NASA - MODIS/Aqua

Fertilizing the Earth with Nitrogen

Plants need nitrogen to grow. Plants are not able to use the nitrogen that is in the atmosphere for this, even though there is tons of it available. It’s just not in a form that plants can use. So they get the nitrogen they need from the soil where bacteria have converted it into a usable form. In natural conditions, plant growth is limited in many places by the amount of usable nitrogen that is available in the soil.

To grow more crops, people have been transforming nitrogen from the atmosphere into nitrogen fertilizers and then adding the fertilizers to the plants. This has been very successful over the past century, allowing people to farm on lands that had not been as productive in the past, and to produce enough food for growing populations of people. However, fertilizers are often overused, and that can cause problems.

Nitrogen from fertilizers sinks into soils, often creating conditions that favor the growth of weeds rather than native plants. Nitrogen then washes into waterways causing a surplus of nutrients, a situation called eutrophication. In freshwater lakes, rivers, and streams eutrophication causes aquatic weeds to grow unchecked. They sometimes fill entire lakes, rivers, or streams. Algae cloud the water green and slimy algal scum coats shallow rocks.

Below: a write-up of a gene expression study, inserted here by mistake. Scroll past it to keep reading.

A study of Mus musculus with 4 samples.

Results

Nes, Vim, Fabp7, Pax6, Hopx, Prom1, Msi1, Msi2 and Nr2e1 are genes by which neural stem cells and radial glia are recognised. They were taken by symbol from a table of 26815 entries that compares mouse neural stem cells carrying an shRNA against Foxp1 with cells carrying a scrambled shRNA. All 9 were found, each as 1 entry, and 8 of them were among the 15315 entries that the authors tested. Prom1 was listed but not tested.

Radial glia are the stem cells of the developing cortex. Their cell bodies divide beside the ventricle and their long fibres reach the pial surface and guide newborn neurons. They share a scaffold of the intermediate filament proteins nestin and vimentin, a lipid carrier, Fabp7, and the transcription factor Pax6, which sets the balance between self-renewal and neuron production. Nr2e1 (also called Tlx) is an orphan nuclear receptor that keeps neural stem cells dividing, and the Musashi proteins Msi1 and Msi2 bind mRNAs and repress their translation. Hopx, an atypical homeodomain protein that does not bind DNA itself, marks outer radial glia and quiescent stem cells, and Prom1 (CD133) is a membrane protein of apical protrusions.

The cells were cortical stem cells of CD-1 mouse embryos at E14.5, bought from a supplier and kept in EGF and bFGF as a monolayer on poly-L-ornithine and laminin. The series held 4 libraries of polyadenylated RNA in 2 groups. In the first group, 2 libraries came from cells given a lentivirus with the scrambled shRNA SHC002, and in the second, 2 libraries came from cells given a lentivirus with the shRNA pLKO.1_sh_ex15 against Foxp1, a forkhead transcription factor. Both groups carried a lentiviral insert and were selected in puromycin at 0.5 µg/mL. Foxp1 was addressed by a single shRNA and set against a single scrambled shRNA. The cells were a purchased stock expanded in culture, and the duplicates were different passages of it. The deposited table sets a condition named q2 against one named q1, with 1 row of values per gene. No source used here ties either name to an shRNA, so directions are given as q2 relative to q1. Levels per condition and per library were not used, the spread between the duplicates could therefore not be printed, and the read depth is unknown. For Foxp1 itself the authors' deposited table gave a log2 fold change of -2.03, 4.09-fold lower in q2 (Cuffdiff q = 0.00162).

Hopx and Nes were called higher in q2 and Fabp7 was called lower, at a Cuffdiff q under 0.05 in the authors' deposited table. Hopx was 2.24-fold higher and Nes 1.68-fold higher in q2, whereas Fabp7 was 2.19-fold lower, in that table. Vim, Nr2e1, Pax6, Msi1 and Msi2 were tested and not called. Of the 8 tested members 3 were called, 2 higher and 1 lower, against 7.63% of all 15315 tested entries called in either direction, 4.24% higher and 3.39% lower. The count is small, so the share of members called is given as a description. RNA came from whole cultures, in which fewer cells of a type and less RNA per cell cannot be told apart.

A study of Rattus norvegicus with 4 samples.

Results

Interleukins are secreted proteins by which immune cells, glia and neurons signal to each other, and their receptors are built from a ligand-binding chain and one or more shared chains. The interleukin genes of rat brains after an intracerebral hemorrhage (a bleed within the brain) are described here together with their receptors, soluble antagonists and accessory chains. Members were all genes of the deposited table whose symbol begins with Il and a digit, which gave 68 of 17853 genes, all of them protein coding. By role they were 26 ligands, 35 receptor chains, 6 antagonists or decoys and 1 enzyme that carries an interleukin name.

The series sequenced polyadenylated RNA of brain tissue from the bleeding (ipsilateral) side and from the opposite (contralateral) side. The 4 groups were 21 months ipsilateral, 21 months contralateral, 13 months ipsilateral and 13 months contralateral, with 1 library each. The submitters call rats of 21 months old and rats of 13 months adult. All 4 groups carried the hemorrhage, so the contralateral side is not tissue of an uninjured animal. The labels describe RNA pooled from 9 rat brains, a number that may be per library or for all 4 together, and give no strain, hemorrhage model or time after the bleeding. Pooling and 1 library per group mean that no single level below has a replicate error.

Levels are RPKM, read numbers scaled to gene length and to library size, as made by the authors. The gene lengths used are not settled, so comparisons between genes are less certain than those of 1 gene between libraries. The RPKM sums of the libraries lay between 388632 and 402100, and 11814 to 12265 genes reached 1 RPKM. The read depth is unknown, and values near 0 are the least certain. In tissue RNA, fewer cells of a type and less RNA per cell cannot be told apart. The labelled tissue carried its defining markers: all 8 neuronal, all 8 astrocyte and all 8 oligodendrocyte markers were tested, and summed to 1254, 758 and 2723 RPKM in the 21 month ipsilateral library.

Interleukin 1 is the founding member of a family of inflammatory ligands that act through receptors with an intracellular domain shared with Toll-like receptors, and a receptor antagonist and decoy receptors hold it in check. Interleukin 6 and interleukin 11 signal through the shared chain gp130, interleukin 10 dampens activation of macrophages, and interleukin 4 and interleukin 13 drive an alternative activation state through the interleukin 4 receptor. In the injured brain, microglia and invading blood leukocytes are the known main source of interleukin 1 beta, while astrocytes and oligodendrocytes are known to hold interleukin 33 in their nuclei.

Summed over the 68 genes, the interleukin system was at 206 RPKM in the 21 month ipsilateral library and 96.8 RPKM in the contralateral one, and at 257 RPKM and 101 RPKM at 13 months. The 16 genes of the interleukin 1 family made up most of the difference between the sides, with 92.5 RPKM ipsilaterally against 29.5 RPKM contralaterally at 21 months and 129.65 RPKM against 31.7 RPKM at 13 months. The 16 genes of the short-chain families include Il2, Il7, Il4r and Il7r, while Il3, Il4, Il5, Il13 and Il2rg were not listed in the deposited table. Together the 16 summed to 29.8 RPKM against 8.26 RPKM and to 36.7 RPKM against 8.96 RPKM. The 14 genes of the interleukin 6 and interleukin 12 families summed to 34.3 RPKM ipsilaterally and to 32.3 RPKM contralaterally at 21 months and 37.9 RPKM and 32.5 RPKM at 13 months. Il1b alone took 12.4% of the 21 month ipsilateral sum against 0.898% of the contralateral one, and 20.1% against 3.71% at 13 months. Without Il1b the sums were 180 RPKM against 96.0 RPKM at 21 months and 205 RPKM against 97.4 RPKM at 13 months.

When the nitrogen-rich waters make their way downstream to the ocean, they cause even more problems. Every summer for more than 30 years high nitrogen levels at the Mississippi River Delta have caused a dead zone where the water empties into the Gulf of Mexico. This dead zone, in which oxygen levels are too low for animals to survive, covered more that 8000 square miles (more than 20,000 km2) of ocean in 2001. It forms when nitrogen in the water causes algae to grow and reproduce very quickly. As the huge amounts of algae die, and decompose, oxygen in the water is used up. Animals can not survive without oxygen. They flee to another part of the ocean if they can, or they die.

Although it is one of the larger dead zones, the one in the Gulf of Mexico (see image at left) is not the only one of its kind. There are about 150 dead zones in the world’s oceans. Almost all of them are located at the mouths of rivers where fertilizers and other nutrient sources like sewage and livestock waste are added to the seawater.

Last modified January 19, 2010 by Randy Russell.